Marina campus of University of Madras ~ Lord Erskine, Governor of Madras

University of Madras needs no introduction.  Established in 1857, it is one of the oldest and premier universities in India.  

The first ever demand for higher education in Madras Presidency was given in a public address to Lord John Elphinstone, Governor of Madras, signed by 70,000 residents when the Governor in Council was contemplating "some effective and liberal measures for the establishment of an improved system of national education." The University Board was constituted in January 1840; and was a precursor of the present Presidency College, Chennai. University of Madras, organized on the model of the University of London, was incorporated on 5 September 1857 by an Act of the Legislative Council of India.  The university is spread over six campuses, viz., Chepauk, Marina, Guindy, Taramani, Chetput and Maduravoyal. The Chepauk campus of the university houses the VC's secretariat, central library, centenary auditorium and the historic Senate House. The Senate House, the University's first building, inaugurated in the year 1879, is a masterpiece of Robert Fellowes Chisholm, an architect of the 19th century, who blended the Indo-Saracenic style with Byzantine and European architectural features. The university renovated the Senate House in 2006.

The Marina Campus, a couple of decades ago was referred as the University Examination hall.  Now it houses the Oriental Research Institute, that  first began its researches in Tamil in 1914. In 1927, a separate Tamil Department was established in the Institute. It is a landmark building at Marina, on beach Road nearer the eastern arch leading to Sri Parthasarathi Swami temple and is in fact before the Thiruvallikkeni MRTS station. It has a plaque commemorating the laying of foundation stone on 20th March 1935 by Lord Erskine, the then Governor of Madras.

John Francis Ashley Erskine, Lord Erskine GCSI, GCIE (1895 – 1953) was a British soldier, Conservative Party politician and administrator who served as Member of Parliament (MP) for Weston-super-Mare and Brighton. Erskine  served as the Governor of Madras Presidency from 1934 to 1940. John Erskine married Lady Marjorie Hervey, the elder daughter of the 4th Marquess of Bristol, on 2 December 1919 and had four sons.

Erskine was born to Walter Erskine, 12th Earl of Mar in  1895 and had his education at Eton and Oxford University. On graduation, Erskine served in the British army and rose to become a major before entering politics.  Wikipedia reports that he was a close friend of Indian politician Chakravarthi Rajagopalachari though he disagreed with some of his policies.

With an interest in politics and an allegiance to the Conservative Party, Erskine was appointed Assistant Private Secretary to Viscount Long in 1920 and his political career continued steadily.  After the 1931 general election, Erskine was named as an unpaid Assistant Government whip in Nov 1931 that  effectively silenced Erskine in the Chamber of the House of Commons due to the tradition that Whips do not make speeches. Previously Erskine had been an effective and confident speaker who had taken a close interest in the affairs of India (although he admitted never to having visited it). He followed the 'Round Table Conferences' of the early 1930s closely. Erskine's public support for native rule in India counted against him with Winston Churchill who had led the opposition to the Government of India Act 1935.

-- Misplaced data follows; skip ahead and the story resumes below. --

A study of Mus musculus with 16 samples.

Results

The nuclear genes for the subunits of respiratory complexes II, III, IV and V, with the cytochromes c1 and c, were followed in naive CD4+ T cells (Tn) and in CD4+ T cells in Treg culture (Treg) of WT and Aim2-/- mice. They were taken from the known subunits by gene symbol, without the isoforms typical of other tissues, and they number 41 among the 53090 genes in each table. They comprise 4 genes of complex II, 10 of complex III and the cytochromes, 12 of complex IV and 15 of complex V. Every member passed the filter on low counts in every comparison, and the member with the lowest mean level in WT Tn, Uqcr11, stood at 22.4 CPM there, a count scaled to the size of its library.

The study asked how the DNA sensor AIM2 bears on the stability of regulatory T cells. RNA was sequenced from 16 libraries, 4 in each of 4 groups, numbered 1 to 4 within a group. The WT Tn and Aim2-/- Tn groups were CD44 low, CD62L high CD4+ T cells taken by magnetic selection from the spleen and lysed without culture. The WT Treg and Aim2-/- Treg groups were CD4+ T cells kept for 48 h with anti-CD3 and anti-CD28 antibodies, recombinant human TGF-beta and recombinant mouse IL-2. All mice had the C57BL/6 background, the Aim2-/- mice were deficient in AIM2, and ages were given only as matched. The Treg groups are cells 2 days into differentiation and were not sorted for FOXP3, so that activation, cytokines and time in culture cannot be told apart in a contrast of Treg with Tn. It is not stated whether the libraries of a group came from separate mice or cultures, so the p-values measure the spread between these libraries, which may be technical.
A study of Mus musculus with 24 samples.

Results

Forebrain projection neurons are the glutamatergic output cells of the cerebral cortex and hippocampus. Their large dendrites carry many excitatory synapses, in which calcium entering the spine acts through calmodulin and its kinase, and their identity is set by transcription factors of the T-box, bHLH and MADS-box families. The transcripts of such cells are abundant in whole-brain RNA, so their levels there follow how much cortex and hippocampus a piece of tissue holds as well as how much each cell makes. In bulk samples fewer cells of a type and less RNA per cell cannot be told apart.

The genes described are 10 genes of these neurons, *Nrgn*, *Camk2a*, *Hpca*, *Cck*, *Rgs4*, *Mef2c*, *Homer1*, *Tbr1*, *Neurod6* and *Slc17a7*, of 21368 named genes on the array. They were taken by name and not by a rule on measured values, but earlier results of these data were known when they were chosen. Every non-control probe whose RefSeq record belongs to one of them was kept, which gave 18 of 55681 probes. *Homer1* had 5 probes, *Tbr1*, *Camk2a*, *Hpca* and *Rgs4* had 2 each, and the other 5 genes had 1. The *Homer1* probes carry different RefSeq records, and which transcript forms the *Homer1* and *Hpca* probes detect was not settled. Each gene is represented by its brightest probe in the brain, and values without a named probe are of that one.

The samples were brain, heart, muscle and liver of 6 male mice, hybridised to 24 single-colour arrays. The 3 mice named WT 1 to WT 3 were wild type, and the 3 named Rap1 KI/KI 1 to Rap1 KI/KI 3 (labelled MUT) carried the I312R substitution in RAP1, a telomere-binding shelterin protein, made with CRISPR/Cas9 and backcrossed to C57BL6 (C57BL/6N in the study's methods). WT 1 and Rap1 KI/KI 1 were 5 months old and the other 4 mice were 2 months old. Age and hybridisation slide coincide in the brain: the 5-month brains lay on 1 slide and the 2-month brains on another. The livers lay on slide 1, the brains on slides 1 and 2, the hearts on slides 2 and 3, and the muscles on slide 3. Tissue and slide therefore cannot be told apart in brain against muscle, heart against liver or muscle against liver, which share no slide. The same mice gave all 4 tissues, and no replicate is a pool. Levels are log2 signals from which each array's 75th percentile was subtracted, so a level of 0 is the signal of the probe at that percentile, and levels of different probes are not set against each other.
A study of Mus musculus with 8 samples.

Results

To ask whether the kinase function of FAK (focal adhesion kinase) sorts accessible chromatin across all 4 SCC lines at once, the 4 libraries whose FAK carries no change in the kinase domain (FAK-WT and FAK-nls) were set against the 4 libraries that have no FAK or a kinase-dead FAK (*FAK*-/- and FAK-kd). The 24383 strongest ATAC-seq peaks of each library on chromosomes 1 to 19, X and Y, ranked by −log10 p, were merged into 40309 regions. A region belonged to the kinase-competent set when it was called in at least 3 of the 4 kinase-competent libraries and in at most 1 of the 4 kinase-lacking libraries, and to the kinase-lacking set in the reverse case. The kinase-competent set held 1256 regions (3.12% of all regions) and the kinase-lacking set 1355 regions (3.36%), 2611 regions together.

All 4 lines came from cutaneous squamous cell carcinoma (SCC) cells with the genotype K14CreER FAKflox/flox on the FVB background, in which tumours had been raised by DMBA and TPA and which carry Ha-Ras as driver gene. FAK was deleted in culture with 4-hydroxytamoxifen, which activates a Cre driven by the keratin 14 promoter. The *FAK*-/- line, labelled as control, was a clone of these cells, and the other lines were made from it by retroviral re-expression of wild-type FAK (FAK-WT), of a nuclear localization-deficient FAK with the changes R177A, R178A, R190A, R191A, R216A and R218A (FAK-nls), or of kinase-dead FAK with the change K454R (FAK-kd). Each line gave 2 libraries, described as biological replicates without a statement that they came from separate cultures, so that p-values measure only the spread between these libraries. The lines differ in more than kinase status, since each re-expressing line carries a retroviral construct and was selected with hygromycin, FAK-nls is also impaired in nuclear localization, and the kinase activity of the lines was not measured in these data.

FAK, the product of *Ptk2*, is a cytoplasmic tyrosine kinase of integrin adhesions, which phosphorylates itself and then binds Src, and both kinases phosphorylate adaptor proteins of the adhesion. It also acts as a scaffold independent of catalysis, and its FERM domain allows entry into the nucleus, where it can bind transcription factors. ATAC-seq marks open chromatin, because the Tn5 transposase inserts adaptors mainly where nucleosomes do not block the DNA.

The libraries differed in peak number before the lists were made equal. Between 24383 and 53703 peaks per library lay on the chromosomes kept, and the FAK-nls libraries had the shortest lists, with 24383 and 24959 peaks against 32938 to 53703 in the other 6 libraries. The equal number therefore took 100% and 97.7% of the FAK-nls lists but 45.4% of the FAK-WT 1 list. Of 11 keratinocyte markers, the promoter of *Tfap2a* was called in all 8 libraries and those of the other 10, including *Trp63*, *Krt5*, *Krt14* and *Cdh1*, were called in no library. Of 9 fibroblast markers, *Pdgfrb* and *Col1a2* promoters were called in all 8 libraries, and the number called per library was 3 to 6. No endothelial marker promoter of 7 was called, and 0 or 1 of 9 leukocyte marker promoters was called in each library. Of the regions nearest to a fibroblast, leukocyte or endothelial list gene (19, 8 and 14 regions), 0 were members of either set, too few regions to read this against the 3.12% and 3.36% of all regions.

In 1934, Erskine succeeded George Frederick Stanley as the Governor of Madras Presidency and served from 1934 to 1940. Erskine was a supporter of the Justice Party and wanted the party to capture power in the Presidency during the 1937 elections. However, to his disappointment, the Indian National Congress won by a huge margin. Despite being the majority party in the Assembly and the Council, the Congress refused to form the government. Their objections stemmed from the special powers given to the Governor by the Government of India Act of 1935. Erskine decided to form an interim provisional Government with non-members and opposition members of the Legislative Assembly. Erskine formed the interim Government with Kurma Venkata Reddy Naidu of the Justice Party as premier on 1 April 1937. He also used the Minister for Public Health R. M. Palat to try and entice Congress legislators into supporting the government.

It appears that he strongly dangled in local politics trying to make his way. Erskine was also a regular visitor to the Nilgiri Hills;  he gave Kothagiri town the sobriquet, "Princess among Hill Stations”.  When Congress Ministry resigned in Oct 1939 over the outbreak of Second World War,  Erskine declared an emergency and took over the reins of the administration. Rajagopalachari and other ministers were arrested as per Defence of India Act rules.  With no hope of continuing a political career, and finding that representing the seat was very expensive, Erskine resigned his seat and went to live in his house at Ickworth near Bury St Edmunds. He continued to comment on Indian affairs, bemoaning the influence of Gandhi[citation needed]. His younger son was killed in action in 1945.

Active in voluntary work locally, Erskine was appointed President of the Navy League. A major operation in the early 1950s damaged his health, and he died in 1953 during the lifetime of his father.

With regards – S.Sampathkumar
8th Nov 2015.

PS : photos of Marina campus taken yesterday when I had to take shelter at this building due to rain ~ history of Lord Erskine reproduced from Wikipedia.